In the modern veterinary practice we have the means to diagnose and treat a great many more conditions than ever before and with the increasing knowledge of the average person, expectations for treatment are also higher. Expectations for emergency services to almost parallel human facilities and the labour costs of unsocial hours also contribute to prices. Unfortunateley these advances are not without cost. The capital required just to maintain facilities for these functions and keeping staff trained to the highest possible levels keep prices high.
There are still significant numbers of animals that are given less than ideal treatment or cannot have remedial surgery because the owners budget will not allow. Even now we occasionally have to euthanase an animal due to costs of therapy.
Having a comprehensive insurance policy that covers all eventualities means you do not have this concern. Decide whether you are looking for a higher excess to reduce premiums, cover just for large unexpected emergency bills, lifetime cover, other secondary cover such as third party liability.
It is not our purpose to recommend any single insurance policy or company. This information is to help you ask the right questions and look at policies critically so you can have the best cover for your needs that you can afford. If you have any specific questions about a policy it is always better to ring the company and ask them.
TYPE OF COVER
Some policies will only have one type of cover, others will have different levels of cover from a budget type to a super deluxe. The simplest way to decide is to get the highest cover you can afford but if you do not want to pay any extra look at less common expenses such as holiday cancellation cover or refund of purchase price if lost or strayed. The different levels of cover usually have distinct differences in how much they will pay out so look closely at the figures and excess charges.
This is the most common reason people insure their pets. Look at how much is covered for one condition in one year. Will that cover continue after renewal next year and will it be for the same amount of money or is it limited? Most policies have a limit per condition but this may be a lifetime limit regardless of when it is reached or an annual limit that is renewed at renewal time each year. Some policies will exclude a condition you have claimed for when you renew - so you cannot claim for that same condition in subsequent years. This type of policy will not cover your pet for any chronic condition that needs long term therapy like heart disease, arthritis or diabetes after the first year. Be aware of the limitations of 'New Year', 'New Policy'.
It may also be worth looking at alternative or complementary therapies. Many therapies that we consider mainstream are still classed as 'alternative' such as hydrotherapy for joint and surgical recovery, other physiotherapy techniques and acupuncture. Prescription diets are covered by some insurance policies but not all. Most policies will not cover pre-existing condition so you cannot have a condition looked at by a vet then take out insurance for the treatment! There will also be a period after starting insurance when a claim cannot be made (usually about two weeks).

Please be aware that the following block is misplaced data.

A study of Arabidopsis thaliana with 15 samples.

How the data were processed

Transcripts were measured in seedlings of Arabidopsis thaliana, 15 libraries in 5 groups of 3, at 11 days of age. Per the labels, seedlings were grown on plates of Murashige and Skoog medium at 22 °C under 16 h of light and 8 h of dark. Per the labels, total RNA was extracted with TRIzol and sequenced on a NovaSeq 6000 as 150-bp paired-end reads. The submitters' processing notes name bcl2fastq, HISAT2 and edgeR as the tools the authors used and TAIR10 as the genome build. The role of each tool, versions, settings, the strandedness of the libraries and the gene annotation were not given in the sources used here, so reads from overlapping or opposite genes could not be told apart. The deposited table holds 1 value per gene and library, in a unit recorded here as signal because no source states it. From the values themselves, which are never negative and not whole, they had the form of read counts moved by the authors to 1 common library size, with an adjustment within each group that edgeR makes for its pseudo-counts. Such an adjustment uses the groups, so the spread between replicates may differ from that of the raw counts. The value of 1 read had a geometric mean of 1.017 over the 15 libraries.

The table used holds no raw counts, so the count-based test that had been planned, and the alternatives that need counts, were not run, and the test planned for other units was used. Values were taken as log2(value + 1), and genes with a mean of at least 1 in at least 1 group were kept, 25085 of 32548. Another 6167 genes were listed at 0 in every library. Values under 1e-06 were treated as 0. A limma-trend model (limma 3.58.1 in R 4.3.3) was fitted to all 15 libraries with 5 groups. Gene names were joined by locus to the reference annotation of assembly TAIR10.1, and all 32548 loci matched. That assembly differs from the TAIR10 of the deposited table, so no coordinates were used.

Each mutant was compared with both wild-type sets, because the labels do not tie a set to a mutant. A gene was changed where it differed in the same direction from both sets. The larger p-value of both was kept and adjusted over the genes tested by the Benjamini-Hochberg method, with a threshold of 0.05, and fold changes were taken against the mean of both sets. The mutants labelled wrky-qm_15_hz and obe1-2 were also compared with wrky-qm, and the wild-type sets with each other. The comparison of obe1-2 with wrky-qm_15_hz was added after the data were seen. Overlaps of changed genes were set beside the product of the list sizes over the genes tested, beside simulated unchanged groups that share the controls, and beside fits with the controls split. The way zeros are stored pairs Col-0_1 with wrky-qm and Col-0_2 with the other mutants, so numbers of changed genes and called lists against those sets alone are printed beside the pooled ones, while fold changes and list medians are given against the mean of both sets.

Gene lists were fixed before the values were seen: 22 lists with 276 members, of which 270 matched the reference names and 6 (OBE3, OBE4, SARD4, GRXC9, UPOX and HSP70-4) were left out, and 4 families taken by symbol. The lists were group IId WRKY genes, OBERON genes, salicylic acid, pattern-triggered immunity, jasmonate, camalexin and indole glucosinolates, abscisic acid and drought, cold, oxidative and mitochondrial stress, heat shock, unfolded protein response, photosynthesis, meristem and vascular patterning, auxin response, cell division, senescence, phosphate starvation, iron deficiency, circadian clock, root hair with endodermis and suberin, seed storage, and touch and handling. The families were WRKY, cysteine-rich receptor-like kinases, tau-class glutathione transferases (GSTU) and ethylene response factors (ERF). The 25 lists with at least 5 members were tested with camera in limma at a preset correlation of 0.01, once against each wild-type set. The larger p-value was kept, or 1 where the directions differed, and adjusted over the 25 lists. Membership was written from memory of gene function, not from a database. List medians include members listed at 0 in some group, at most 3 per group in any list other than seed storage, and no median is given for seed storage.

Insurance policies do not cover the the cost of routine treatment such as vaccinations, neutering, worm treatment, flea treatment or dentistry. Our PHC (monthly health club) covers essential preventative treatment with a discount to other products and services for more details click HERE
AGE OF PET
Most policies will continue to cover a pet that has a policy in place as it heads into old age. Check this on any policy you are looking at but also check when the premiums will be as they age. Averagely policy costs will increase as the age of your increases. Usually animals over a certain age (often around 9 or 10) will not be able to get new cover.
MAKING A CLAIM
Once the fees for a condition have exceeded the excess then it probably worth making a claim. Even if you do not make a claim some policies have a stipulation that you must notify them of any changes in you pet's health. If that is what the the policy says, take no chances and tell them about even the most minor trip to the vets. The most common way to claim is to obtain an insurance claim form from the company and leave it with us to fill in the veterinary information. Ask the insurance company how long they take to process claims.
CHANGING YOUR POLICY OR COMPANY
In our experience pet owners will often look to change their policy or provider once a claim has been made or premiums have been increased. If you decide to change the policy or company, you must be aware that anything you have previously claimed or has been mentioned in clinical notes at any time may no longer be covered. If you wish to maintain cover for a previously mentioned or diagnosed condition you will need to negotiate this for the new policy.
WHAT ARE THE ALTERNATIVES TO INSURANCE?
Some people decide, having paid for a policy for years and never claiming, that they will cancel their insurance. This is a big gamble to take as often done as the pet is getting older and is more likely to need treatment.. If you have the financial discipline to set up a savings fund for veterinary fees, you may feel you would rather have control over your own money. The obvious disadvantage to this is the risk in the early stages that there would not be enough money for a major incident like a broken limb or intensive care. It may not be enough in the long term if a chronic condition requiring expensive drugs and on going medical care is dispensed.